After a four-year feud, Target has started selling Amazon products again


Target originally shut out Amazon devices in 2012 due to what it described as a "conflict of interest." In other words, Target didn't like the fact that Amazon uses its electronics as a second storefront, preloading them with shopping apps and encouraging users to subscribe to its $99-a-year Prime service. Four years on, though, and blocking Amazon in this way doesn't seem to be worth the effort.

In 2012, Target said selling Amazon devices was a "conflict of interest"

More than half of Amazon customers are thought to be subscribers to Amazon Prime, so the online retailer no longer needs a Trojan horse in physical stores. Target, meanwhile, has been getting back on its feet, reporting quarterly growth after refocusing on a number of key areas including clothing, children's toys, and health care.

"Target continually evaluates our assortment to deliver quality products at a great value," said the company in a statement. "We know our guests love the many aspects of shopping at Target, and believe they will appreciate the convenience and savings of finding these items in our stores and on"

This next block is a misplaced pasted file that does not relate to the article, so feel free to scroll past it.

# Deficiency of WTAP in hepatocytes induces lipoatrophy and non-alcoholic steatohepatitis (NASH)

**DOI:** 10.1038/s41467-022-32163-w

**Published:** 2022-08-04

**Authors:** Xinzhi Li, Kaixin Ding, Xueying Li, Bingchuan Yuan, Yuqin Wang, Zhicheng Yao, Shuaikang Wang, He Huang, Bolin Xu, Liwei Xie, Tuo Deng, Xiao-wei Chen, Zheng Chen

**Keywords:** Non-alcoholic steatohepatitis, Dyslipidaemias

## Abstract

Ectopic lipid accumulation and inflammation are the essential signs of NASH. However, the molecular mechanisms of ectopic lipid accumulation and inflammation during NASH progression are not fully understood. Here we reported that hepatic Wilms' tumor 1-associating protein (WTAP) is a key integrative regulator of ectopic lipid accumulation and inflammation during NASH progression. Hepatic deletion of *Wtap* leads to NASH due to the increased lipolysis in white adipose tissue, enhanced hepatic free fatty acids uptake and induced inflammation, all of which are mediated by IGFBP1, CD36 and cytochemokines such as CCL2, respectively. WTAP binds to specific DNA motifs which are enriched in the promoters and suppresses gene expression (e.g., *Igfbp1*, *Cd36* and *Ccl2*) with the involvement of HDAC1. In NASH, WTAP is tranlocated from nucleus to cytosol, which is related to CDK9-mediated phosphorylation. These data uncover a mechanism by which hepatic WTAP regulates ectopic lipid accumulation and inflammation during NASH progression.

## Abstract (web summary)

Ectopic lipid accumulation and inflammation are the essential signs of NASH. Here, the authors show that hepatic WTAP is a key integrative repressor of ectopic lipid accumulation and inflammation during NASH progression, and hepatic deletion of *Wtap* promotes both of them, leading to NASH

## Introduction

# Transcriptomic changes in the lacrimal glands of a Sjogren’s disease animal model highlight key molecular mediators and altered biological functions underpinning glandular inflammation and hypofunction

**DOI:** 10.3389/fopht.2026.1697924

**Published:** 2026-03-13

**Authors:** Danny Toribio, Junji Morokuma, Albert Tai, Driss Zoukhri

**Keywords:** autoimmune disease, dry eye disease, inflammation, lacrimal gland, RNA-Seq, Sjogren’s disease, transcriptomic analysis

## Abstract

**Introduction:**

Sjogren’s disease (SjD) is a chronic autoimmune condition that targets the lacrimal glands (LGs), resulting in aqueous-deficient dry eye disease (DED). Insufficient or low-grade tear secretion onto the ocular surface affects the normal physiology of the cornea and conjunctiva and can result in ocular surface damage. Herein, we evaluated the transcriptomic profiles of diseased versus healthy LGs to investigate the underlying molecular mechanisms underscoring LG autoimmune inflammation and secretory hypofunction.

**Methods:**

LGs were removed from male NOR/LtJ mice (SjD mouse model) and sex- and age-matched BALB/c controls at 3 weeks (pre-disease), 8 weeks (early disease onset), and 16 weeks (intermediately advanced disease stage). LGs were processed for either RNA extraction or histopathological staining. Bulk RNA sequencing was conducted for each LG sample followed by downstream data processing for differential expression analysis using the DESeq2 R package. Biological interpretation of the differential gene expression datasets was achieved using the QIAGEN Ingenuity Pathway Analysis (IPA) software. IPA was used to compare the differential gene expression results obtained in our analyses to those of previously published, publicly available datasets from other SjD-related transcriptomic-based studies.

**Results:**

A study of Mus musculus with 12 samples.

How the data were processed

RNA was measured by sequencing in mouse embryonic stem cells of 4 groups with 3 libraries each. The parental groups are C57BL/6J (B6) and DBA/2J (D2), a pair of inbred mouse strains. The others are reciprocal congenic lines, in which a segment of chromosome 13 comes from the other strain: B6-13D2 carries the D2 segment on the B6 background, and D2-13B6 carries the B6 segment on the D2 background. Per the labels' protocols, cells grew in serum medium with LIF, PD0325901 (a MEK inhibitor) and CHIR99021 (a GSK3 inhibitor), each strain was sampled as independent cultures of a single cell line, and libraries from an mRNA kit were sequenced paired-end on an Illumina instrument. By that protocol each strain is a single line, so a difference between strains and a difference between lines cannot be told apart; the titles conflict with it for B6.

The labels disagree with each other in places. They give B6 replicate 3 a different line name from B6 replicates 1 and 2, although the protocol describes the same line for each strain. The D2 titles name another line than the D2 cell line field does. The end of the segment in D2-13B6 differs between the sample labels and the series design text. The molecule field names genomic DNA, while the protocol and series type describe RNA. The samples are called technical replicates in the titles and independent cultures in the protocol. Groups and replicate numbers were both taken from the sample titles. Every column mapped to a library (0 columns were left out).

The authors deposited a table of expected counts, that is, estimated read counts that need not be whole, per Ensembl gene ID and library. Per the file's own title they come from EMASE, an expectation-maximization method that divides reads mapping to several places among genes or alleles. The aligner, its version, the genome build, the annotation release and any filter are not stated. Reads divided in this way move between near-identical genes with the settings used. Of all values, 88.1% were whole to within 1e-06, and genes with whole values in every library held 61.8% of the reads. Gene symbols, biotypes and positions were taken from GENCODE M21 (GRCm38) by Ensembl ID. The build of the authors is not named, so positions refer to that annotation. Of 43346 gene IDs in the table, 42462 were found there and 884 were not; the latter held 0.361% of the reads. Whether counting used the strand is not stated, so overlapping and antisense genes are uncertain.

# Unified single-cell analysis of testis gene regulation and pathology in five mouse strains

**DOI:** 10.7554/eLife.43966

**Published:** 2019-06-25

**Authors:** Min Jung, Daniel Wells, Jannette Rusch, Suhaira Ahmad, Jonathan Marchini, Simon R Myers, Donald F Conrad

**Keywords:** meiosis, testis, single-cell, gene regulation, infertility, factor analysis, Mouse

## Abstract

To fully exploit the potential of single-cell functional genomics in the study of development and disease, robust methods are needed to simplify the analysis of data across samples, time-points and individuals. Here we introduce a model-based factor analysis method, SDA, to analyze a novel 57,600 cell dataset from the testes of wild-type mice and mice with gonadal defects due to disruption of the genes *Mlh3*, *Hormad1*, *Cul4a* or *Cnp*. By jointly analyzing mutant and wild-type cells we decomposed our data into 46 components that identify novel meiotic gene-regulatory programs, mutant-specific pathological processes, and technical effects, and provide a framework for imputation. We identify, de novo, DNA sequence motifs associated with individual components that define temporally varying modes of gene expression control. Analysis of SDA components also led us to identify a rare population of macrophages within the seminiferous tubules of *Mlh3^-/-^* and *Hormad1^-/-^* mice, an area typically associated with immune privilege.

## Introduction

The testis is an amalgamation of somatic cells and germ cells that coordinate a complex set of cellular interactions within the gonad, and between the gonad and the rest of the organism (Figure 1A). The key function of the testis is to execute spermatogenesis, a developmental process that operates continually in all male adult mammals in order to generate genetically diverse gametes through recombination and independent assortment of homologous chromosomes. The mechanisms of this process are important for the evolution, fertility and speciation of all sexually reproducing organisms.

Amazon will be glad to have a physical presence again in Target's 1,800 stores. The online retailer has been showing increasing interest in brick-and-mortar stores recently, opening a handful of physical bookshops and claiming additional locations are on the way. Although not all retailers have come to terms with the company's presence on their turf: new Amazon devices are still blocked from Walmart's stores.